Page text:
01/31/2012 12:18 EST | Updated 04/01/2012 05:12 EDT

Oil Spills Happen


Canada has one of the best backyards on the planet. Our Boreal Forest is the largest intact forest in the world and spans 1.3 billion acres. In addition to providing a carbon sink for CO2 emissions, the Boreal is home to many species of wolves, caribou, and bears, as well as a major source of fresh water for North America. Canada's backyard includes British Columbia's Great Bear Rainforest, one of the last intact temperate rainforests left on the planet with cedar trees over 1,000 years old. Enbridge's proposed Northern Gateway tar sands pipeline threatens both of them.

The geography the proposed route would take begins in Bruderheim, Alberta, travelling west through the Boreal Forest to Kitimat B.C. where the oil would be transported onto super-tankers (the size of large shopping malls) that would have to carefully navigate through the heart of the Great Bear Rainforest to get to open water. Along its journey the extracted tar sands oil would cross rocky mountain terrain prone to landslides as well as over 1,000 rivers and streams, and habitats for many different species, all of which would be devastated by a spill.

The likelihood of a spill along the route is high enough that it can be considered inevitable. The National Energy Board estimates that for every 1,000 km of pipeline, a spill happens on average every 16 years (the proposed Northern Gateway Pipeline is 1,172 km), and considering that the Northern Gateway Pipeline would be shipping bitumen, a more corrosive substance than conventional oil, the likelihood of a spill is even greater.

A spill along the route would be catastrophic to the many sensitive ecological areas the pipeline crosses, but even before there is a spill there would great impact upon the local wildlife. The construction of the pipeline would fragment the woodland caribou habitat, making it harder for their already endangered populations to survive. Woodland caribou are found mainly in intact forests untouched by human development that offers shelter from predators and are richer in food sources than younger forests.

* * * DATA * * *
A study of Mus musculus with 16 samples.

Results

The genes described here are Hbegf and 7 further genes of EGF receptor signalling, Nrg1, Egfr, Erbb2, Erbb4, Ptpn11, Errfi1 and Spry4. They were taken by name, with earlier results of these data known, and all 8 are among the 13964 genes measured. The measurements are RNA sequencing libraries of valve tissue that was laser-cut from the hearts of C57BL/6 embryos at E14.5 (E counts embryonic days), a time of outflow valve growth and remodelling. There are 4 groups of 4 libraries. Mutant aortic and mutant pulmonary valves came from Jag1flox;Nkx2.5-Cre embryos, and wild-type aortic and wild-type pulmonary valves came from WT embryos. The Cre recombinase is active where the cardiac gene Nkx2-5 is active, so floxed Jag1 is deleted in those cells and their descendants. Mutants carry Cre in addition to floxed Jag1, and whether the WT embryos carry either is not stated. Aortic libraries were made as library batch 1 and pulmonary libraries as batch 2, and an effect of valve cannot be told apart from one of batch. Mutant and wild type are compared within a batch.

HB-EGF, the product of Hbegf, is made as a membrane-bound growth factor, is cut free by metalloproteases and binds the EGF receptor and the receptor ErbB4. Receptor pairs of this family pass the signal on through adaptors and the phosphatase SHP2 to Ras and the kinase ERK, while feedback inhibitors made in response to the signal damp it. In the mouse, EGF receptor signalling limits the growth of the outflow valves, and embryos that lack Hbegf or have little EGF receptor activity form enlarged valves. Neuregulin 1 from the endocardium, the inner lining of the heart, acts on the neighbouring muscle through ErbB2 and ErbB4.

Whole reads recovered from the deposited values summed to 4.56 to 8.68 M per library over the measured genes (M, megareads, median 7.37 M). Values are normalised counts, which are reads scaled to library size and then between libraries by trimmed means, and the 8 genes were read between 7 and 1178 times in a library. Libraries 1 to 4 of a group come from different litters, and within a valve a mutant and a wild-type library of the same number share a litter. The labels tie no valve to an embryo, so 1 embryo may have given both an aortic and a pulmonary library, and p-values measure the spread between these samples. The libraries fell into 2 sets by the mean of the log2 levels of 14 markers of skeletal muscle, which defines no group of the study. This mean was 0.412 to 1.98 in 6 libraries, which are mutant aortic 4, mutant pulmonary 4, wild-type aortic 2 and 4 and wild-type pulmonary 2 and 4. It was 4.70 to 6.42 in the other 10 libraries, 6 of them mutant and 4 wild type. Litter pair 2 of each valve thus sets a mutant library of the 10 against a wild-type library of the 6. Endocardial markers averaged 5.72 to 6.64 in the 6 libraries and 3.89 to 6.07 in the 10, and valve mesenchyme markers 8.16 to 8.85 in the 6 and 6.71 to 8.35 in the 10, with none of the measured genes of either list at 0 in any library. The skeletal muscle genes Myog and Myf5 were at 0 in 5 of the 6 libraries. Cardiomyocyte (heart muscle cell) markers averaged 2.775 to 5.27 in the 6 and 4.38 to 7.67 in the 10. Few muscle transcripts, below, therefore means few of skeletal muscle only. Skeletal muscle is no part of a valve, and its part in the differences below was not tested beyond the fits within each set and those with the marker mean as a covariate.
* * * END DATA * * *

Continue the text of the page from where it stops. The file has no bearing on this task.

In Alberta and British Columbia combined, only a little more than 3,000 woodland caribou remain, and they are listed under the federal "Species at Risk Act." First Nations have tried to force the federal government in court to do more to protect caribou habitat that is increasingly destroyed to make way for tailing ponds and further tar sands extraction. The risk of an oil spill along the route would contaminate caribou food sources and drinking water.

Caribou are far from the only wildlife that the proposed pipeline could have an impact upon. The Kitimat Valley Naturalists issued a report in December that criticized Enbridge's analysis of the impacts on bird species, and noted that a spill would be catastrophic to the Kitimat River estuary and all of the aquatic birds and other wildlife that inhabit the area. A video of their presentation at the hearings is available here.

Furthermore, a spill along any of the many rivers and streams the pipeline crosses, or along the coast, would contaminate fish and aquatic life. The contamination would then work its way up the food chain affecting the whole ecosystem. Should a spill occur along the coast, one of the most affected species would be the celebrated spirit bear. Found only in British Columbia, the spirit bear is a subspecies of black bear that is notable for one tenth of their population being born with a gene that turns their entire coat white. These bears are the official animal of British Columbia and are important to many First Nations, but some estimates have their population as low as 400.

First Nations, concerned citizens, and environmentalists have lobbied for a long time to keep Canada's natural forests and ecosystems intact. While the Boreal Forest is still under threat from logging and expanding tar sands production, and while species like the spirit bear, spotted owl, and woodland caribou are still in danger of a further reduction in population there has been much to celebrate concerning protection of forests and wildlife in Canada.

The Canadian Boreal Forest Agreement, the Great Bear Rainforest Agreement, and the Species at Risk Act all demonstrate Canada's commitment to protecting our land and wildlife. Approving the Northern Gateway pipeline would demonstrate that Canada's priorities now favour the short term benefits of opening up our oil markets to Asia over the lasting long term intrinsic value of keeping our great natural areas and unique wildlife protected so that future generations may appreciate them in the same way that many of us do today.